Hunger marchers demand relief from the Washington State Legislature on January 17, 1933.

  • By David Wilma
  • Posted 1/24/2003
  • Essay 5106

On January 17, 1933, during the Great Depression, approximately 1,000 hunger marchers demand relief from the Washington State Legislature. The march is organized by the Washington State Hunger March Committee, and Communist Party members are prominent in the leadership. In the capitol building, the protesters find doors and elevators locked and State Troopers patrolling the hallways. A delegation of 25 is admitted to meet with newly elected Governor Clarence D. Martin (1884-1955).

The march is a coalition of the Unemployed Citizens League, United Producers of Washington,, Unemployed Council, and the United Farmers' League, self help groups for the unemployed. They organized the march to Olympia to demand unemployment insurance, cash payments, free lunches for children, and free water, light, and gas.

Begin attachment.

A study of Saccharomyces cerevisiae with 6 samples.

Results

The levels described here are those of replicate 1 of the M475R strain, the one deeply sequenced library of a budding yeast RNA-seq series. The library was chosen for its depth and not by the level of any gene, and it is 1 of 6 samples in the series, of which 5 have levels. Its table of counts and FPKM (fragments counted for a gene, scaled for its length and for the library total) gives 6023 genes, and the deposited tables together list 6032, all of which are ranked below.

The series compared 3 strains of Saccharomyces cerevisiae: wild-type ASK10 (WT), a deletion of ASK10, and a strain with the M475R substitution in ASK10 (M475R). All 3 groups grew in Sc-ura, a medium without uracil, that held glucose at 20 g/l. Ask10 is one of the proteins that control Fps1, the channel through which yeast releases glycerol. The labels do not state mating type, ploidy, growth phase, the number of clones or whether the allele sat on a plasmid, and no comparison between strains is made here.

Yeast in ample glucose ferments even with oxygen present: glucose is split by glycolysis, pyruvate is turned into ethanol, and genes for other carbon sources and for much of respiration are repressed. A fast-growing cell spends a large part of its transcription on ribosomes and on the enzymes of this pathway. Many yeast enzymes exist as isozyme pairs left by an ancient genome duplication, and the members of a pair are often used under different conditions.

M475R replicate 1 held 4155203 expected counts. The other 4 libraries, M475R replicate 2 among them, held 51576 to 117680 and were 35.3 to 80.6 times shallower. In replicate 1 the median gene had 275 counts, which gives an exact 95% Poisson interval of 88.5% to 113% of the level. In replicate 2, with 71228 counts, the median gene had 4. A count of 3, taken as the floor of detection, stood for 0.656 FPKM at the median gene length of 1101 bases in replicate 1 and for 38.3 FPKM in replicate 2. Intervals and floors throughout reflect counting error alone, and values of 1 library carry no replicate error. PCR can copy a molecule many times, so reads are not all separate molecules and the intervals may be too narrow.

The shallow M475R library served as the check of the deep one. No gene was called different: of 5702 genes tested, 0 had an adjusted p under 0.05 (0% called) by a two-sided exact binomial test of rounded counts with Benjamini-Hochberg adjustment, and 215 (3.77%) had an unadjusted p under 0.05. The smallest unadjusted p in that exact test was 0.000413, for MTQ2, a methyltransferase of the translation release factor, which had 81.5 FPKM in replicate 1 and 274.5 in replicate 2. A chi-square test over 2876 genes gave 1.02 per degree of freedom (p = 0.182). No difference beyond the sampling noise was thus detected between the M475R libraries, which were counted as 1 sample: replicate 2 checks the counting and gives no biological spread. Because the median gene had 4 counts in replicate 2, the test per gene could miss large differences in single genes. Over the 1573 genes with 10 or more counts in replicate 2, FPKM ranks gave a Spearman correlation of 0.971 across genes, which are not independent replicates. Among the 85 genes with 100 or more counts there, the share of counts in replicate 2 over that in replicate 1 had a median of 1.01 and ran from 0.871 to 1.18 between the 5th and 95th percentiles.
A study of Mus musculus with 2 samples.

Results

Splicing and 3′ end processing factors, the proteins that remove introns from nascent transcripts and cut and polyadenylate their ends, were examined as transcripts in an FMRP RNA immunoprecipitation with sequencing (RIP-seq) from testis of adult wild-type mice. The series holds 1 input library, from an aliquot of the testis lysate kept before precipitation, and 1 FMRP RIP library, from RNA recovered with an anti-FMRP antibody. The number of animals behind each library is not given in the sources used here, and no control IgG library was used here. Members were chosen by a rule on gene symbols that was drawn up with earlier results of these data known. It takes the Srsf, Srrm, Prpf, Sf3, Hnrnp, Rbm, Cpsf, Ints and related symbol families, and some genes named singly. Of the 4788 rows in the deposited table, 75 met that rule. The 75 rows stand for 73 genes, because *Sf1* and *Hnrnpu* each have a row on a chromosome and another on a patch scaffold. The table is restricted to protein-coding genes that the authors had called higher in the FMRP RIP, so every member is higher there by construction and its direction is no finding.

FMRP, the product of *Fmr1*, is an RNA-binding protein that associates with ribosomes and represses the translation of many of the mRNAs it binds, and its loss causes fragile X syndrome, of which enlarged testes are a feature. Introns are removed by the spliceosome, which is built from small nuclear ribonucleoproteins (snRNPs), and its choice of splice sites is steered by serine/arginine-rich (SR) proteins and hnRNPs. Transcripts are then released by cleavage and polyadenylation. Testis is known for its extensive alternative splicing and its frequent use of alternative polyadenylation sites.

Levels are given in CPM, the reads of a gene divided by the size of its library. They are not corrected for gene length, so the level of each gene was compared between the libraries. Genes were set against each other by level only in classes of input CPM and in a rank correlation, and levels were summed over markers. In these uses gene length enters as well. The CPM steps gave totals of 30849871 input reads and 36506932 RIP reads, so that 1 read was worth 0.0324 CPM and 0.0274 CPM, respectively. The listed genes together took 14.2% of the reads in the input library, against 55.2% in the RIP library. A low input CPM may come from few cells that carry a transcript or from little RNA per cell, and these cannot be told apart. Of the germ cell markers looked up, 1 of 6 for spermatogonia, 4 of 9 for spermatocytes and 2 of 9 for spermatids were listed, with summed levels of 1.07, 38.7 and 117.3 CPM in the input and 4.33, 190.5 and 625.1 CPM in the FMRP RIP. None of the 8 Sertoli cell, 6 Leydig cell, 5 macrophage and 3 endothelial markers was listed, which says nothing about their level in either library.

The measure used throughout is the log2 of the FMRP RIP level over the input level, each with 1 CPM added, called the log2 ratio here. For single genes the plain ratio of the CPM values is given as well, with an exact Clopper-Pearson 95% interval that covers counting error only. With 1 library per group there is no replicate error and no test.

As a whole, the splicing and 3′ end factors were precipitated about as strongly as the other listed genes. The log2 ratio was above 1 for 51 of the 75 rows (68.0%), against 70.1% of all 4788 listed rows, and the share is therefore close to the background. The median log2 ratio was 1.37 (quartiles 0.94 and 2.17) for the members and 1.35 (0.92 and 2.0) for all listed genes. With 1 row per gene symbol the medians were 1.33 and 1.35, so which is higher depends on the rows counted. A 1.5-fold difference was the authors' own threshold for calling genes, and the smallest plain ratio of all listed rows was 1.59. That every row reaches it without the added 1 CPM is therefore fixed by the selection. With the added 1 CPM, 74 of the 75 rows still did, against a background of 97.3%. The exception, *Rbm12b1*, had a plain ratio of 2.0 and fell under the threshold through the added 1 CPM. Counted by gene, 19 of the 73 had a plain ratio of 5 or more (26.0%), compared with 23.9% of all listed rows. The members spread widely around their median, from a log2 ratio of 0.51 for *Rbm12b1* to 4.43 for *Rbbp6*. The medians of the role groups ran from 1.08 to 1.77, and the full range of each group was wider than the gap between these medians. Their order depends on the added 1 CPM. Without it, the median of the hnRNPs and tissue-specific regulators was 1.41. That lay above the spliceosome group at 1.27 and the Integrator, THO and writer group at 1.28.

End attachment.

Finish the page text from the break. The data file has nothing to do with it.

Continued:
When the marchers demonstrated that they were peaceful, Olympia businessmen opened a number of vacant stores for dormitories and rooms "in one of the cheaper hotels" (Newell, 369) for women and children. A volunteer group offered beans and coffee in a soup kitchen, but many of the marchers became ill. A sign was added to the march, "TO HELL WITH OLYMPIA BEANS!" (Newell, 369).

The march dissolved without incident and the legislature passed a relief bill using federal money.

Sources: Shanna B. Stevenson, Olympia, Tumwater, and Lacey: A Pictorial History (Virginia Beach, VA: The Donning Co., 1985, rev. 1996), 186, 191; Gordon Newell, Rogues, Buffoons & Statesmen (Seattle: Superior Publishing Co., 1975), 369.
Note: This essay was emended on January 25, 2012, to correct the birthdate of Clarence D. Martin.